Happy Birthday, Greetings! Here's how you rated the songs from Springsteen's 1st album


We asked you to rate the tracks on Bruce Springsteen’s 1973 debut album “Greetings from Asbury Park, NJ” in honor of its 50th anniversary January 5, and one thing's for sure: You really like it.


In fact, other than two relative duds you can probably guess (and will see listed below), no song scored under a 3.5 out of 5, and six of the nine tracks finished above a 4. In fact, I had to go out three decimal places to determine the final list.


Tomorrow, we'll celebrate the anniversary with a commentary about how Springsteen's first album was better than it had any right to be. But for now, here’s how the hundreds of Blogness readers who responded scored each of the tracks, in order from least to most favorite — and a Spotify playlist arranged from most to least:


9.) "Mary Queen of Arkansas" (average score: 2.528 out of 5)


Poor "Mary" gets a bad rap for being so lugubriously slow, but you have to admit that “I don't understand how you can hold me so tight and love me so damn loose" is a darn good lyric.


8.) "The Angel" (average score: 2.621 out of 5)


Personally I'd probably put this one on the bottom of the "Greetings" ladder, but Bruce's live take during the 2009 full album performance in Buffalo showed that even this nonsensical nugget is capable of carrying some emotional heft.


7.) "Does This Bus Stop at 82nd Street?" (average score: 3.561 of 5)


A bouncy number with some of the album's most Dylanesque turns of phrase, and Bruce's first clear assertion that despite it all there was "still hope," there was a big leap in listener satisfaction from "The Angel" to this track.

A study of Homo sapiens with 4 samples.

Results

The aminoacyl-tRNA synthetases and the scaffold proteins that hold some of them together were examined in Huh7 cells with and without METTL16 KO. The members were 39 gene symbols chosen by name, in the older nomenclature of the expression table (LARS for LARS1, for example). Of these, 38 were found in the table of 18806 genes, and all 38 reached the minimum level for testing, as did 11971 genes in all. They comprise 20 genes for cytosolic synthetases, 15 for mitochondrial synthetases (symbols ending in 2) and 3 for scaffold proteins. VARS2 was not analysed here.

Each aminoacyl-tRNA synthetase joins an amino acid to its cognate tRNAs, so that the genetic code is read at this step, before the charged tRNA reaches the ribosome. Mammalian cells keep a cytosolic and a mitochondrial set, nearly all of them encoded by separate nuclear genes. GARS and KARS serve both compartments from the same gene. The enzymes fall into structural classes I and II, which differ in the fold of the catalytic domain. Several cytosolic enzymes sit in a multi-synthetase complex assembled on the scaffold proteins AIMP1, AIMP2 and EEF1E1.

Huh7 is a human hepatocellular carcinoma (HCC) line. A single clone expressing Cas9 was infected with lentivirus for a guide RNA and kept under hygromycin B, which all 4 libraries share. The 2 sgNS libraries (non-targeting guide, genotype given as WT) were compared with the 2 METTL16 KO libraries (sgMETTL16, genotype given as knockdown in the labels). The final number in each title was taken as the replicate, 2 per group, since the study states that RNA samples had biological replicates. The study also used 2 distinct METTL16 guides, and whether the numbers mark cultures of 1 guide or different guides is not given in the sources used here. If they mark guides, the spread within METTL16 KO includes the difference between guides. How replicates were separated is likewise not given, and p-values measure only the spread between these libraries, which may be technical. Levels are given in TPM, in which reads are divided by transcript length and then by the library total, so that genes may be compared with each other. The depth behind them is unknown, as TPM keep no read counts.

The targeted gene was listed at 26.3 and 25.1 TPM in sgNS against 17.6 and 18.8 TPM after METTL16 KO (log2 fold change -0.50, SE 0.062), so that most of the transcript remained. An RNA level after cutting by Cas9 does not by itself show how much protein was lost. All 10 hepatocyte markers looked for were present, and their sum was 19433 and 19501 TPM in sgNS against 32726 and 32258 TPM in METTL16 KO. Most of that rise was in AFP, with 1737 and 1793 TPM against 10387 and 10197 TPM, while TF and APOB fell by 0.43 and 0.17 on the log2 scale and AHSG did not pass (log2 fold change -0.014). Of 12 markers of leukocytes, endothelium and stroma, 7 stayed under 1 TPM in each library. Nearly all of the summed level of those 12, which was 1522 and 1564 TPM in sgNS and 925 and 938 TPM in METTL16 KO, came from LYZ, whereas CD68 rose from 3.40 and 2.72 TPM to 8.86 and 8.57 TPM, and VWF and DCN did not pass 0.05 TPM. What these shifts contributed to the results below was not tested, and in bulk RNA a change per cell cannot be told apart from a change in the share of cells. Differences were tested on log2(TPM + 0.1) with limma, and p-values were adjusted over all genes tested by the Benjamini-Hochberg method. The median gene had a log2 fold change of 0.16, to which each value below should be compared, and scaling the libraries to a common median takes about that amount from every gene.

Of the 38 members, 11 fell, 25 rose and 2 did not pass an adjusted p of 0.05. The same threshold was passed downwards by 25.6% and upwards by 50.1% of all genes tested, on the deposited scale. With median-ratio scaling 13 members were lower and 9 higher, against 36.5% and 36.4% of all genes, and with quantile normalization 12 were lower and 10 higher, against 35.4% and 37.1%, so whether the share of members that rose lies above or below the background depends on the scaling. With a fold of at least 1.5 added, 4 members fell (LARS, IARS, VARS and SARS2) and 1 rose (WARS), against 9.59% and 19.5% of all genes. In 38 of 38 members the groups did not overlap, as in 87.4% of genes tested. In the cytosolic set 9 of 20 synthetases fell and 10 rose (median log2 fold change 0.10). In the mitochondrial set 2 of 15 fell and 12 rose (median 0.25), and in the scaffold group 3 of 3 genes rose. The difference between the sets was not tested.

6.) "Blinded by the Light" (average score: 4.169 out of 5)


Prior to "Dancing in the Dark" this was probably Springsteen's most widely known song (thanks to the Manfred Mann version), and represents one of the best uses of a rhyming dictionary in popular music. Not to mention one great hook. (Frankly, I thought it would finish higher.)


5.) "Lost in the Flood" (average score: 4.271 out of 5)


Springsteen's first "epic," this track can come off as a bit plodding, but its thundering scope still packs a punch when the E Street Band hauls it out in concert. That may have been what gave it enough oomph to finish dead center in our poll.


4.) "For You" (average score: 4.277 out of 5)


The jam-packed lyrics practically trip out of the speaker on this organ-fueled torch song for a girl who may or may not have ended it all. I described it in my book as “an explosive jumble of nostalgia, pain and frustration,” and I stand by it.


3.) “It’s Hard to be a Saint in the City” (average score: 4.291 out of 5)


This is the song that sold John Hammond on signing Springsteen to Columbia Records in the first place, and you can see why: It perfectly captures the frantic, inexplicable claustrophobia that goes along with being young, confused and too darn hot during summer in New York City.


2.) “Spirit in the Night” (average score: 4.359 out of 5)


Clarence’s honking sax is reason enough for this track’s high scores, but throw in the perfectly drawn, colorfully named characters (the first of many in Bruce’s eventual oeuvre) and the call-and-response chorus, and you’ve got a should-have-been greatest hit.


1.) “Growin’ Up” (average score: 4.515 out of 5)


“Now, before my upcoming smash biography, THIS was my biography,” Bruce declared before launching into this song in Foxboro, Mass. (and probably in other places as well) in 2016. Self-deprecating, funny, and utterly relatable, it’s sort of become all of our lives’ story — and 50 years after baby Bruce first put it to record, it’s no surprise that it's still held so close to our hearts.